Presidential Speeches

May 6, 1830: Message Regarding Treaties with the Choctaw Nation of Indians


May 06, 1830

Source (not specified)
Presidential Speeches |

May 6, 1830: Message Regarding Treaties with the Choctaw Nation of Indians


To the Senate of the United States.

GENTLEMEN: The accompanying propositions, in the form of a treaty, have been recently sent to me by special messenger from the Choctaw Nation of Indians, and since it was received a protest against it has been forwarded. Both evince a desire to cede to the United States all their country east of the Mississippi, and both are here submitted. These measures are the voluntary acts of the Indians themselves. The Government was not represented in the councils which adopted them, nor had it any previous intimation that such steps were in contemplation. The Indians convened of their own accord, settled and executed the propositions contained in the treaty presented to me, and agreed to be bound by them if within three months they should receive the approbation of the President and Senate. The other measure is equally their own.
It is certainly desirous, on various and very pressing accounts, as will appear from the accompanying documents, that some agreement should be concluded with the Indians by which an object so important as their removal beyond the territorial limits of the States may be effected. In settling the terms of such an agreement I am disposed to exercise the utmost liberality, and to concur in any which are consistent with the Constitution and not incompatible with the interests of the United States and their duties to the Indians. I can not, however, regard the terms proposed by the Choctaws to be in all respects of this character; but desirous of concluding an arrangement upon such as are, I have drawn up the accompanying amendments, which I propose to offer to the Choctaws if they meet the approbation of the Senate. The conditions which they offer are such as, in my judgment, will be most likely to be acceptable to both parties and are liable to the fewest objections. Not being tenacious, though, on the subject, I will most cheerfully adopt any modifications which on a frank interchange of opinions my constitutional advisers may suggest and which I shall be satisfied are reconcilable with my official duties.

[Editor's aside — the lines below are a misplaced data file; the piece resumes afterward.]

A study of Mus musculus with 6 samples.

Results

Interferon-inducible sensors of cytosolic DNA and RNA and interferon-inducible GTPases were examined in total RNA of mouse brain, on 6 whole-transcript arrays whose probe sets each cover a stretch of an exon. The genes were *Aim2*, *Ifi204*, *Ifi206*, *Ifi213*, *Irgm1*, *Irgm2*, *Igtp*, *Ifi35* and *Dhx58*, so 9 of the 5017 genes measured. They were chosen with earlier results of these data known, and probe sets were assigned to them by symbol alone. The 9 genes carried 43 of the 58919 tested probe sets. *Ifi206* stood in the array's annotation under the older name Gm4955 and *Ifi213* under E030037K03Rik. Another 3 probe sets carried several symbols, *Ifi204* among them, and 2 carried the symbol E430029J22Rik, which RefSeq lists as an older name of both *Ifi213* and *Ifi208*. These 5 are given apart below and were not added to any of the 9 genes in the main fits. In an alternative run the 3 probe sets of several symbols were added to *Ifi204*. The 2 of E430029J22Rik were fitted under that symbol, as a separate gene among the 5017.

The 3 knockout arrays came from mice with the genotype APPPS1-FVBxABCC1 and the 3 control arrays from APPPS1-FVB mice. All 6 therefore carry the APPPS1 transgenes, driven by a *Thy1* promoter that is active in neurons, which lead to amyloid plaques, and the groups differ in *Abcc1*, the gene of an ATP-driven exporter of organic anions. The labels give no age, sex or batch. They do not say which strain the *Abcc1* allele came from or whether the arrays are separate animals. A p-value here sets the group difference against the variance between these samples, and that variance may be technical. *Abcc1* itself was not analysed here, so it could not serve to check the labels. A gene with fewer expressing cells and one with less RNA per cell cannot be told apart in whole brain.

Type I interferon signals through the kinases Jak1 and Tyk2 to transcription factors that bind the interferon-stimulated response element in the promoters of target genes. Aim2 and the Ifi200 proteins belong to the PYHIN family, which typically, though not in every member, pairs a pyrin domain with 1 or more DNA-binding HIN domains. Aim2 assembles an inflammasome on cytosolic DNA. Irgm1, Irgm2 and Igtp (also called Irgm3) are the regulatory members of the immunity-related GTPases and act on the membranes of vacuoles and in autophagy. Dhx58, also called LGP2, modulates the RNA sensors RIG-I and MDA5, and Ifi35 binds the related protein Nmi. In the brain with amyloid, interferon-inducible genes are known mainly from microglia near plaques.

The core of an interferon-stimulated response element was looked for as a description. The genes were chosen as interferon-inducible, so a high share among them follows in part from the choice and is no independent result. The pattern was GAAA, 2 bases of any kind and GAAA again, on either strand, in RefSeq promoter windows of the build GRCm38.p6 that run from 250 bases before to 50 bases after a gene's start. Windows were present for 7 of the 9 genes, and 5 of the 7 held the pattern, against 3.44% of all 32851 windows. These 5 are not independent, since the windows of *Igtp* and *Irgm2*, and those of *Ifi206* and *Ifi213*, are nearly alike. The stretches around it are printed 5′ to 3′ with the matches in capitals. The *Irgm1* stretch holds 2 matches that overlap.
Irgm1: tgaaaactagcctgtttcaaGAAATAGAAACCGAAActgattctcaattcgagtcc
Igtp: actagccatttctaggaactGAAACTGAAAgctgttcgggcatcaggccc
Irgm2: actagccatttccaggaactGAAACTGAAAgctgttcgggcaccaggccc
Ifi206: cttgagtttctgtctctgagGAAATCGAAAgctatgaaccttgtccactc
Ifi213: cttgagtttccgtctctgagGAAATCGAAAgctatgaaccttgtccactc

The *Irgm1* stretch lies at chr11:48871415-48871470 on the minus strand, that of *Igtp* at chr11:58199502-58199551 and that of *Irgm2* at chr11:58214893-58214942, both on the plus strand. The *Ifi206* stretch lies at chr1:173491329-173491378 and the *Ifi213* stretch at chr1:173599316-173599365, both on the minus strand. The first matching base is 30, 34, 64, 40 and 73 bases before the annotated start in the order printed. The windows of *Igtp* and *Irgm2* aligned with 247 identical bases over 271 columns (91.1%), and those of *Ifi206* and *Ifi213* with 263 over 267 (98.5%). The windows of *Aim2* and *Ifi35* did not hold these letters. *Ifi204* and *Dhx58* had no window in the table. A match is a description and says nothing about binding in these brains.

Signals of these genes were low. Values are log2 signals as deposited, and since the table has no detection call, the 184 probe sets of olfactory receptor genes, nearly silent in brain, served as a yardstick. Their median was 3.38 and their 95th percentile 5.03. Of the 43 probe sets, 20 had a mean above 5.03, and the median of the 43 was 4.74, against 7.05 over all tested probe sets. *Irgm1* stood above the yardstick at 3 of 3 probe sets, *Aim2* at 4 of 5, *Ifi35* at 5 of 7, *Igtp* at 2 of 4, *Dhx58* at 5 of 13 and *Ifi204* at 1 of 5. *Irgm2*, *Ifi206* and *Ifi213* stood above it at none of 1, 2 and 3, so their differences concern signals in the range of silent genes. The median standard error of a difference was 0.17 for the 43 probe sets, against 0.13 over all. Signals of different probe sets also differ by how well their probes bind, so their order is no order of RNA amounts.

With these views, I ask the opinion of the Senate upon the following questions:
Will the Senate advise the conclusion of a treaty with the Choctaw Nation according to the terms which they propose? Or will the Senate advise the conclusion of a treaty with that tribe as modified by the alterations suggested by me? If not, what further alteration or modification will the Senate propose?
I am fully aware that in thus resorting to the early practice of the Government, by asking the previous advice of the Senate in the discharge of this portion of my duties, I am departing from a long and for many years an unbroken usage in similar cases. But being satisfied that this resort is consistent with the provisions of the Constitution, that it is strongly recommended in this instance by considerations of expediency, and that the reasons which have led to the observance of a different practice, though very cogent in negotiations with foreign nations, do not apply with equal force to those made with Indian tribes, I flatter myself that it will not meet the disapprobation of the Senate. Among the reasons for a previous expression of the views of the Senate the following are stated as most prominent:

1. The Indians have requested that their propositions should be submitted to the Senate.
2. The opinion of the Senate in relation to the terms to be proposed will have a salutary effect in a future negotiation, if one should be deemed proper.
3. The Choctaw is one of the most numerous and powerful tribes within our borders, and as the conclusion of a treaty with them may have a controlling effect upon other tribes it is important that its terms should be well considered. Those now proposed by the Choctaws, though objectionable, it is believed are susceptible of modifications which will leave them conformable to the humane and liberal policy which the Government desires to observe toward the Indian tribes, and be at the same time acceptable to them. To be possessed of the views of the Senate on this important and delicate branch of our future negotiations would enable the President to act much more effectively in the exercise of his particular functions. There is also the best reason to believe that measures in this respect emanating from the united counsel of the treaty-making power would be more satisfactory to the American people and to the Indians.
It will be seen that the pecuniary stipulations are large; and in bringing this subject to the consideration of the Senate I may be allowed to remark that the amount of money which may be secured to be paid should, in my judgment, be viewed as of minor importance. If a fund adequate to the object in view can be obtained from the lands which they cede, all the purposes of the Government should be regarded as answered. The great desideratum is the removal of the Indians and the settlement of the perplexing question involved in their present location--a question in which several of the States of this Union have the deepest interest, and which, if left undecided much longer, may eventuate in serious injury to the Indians.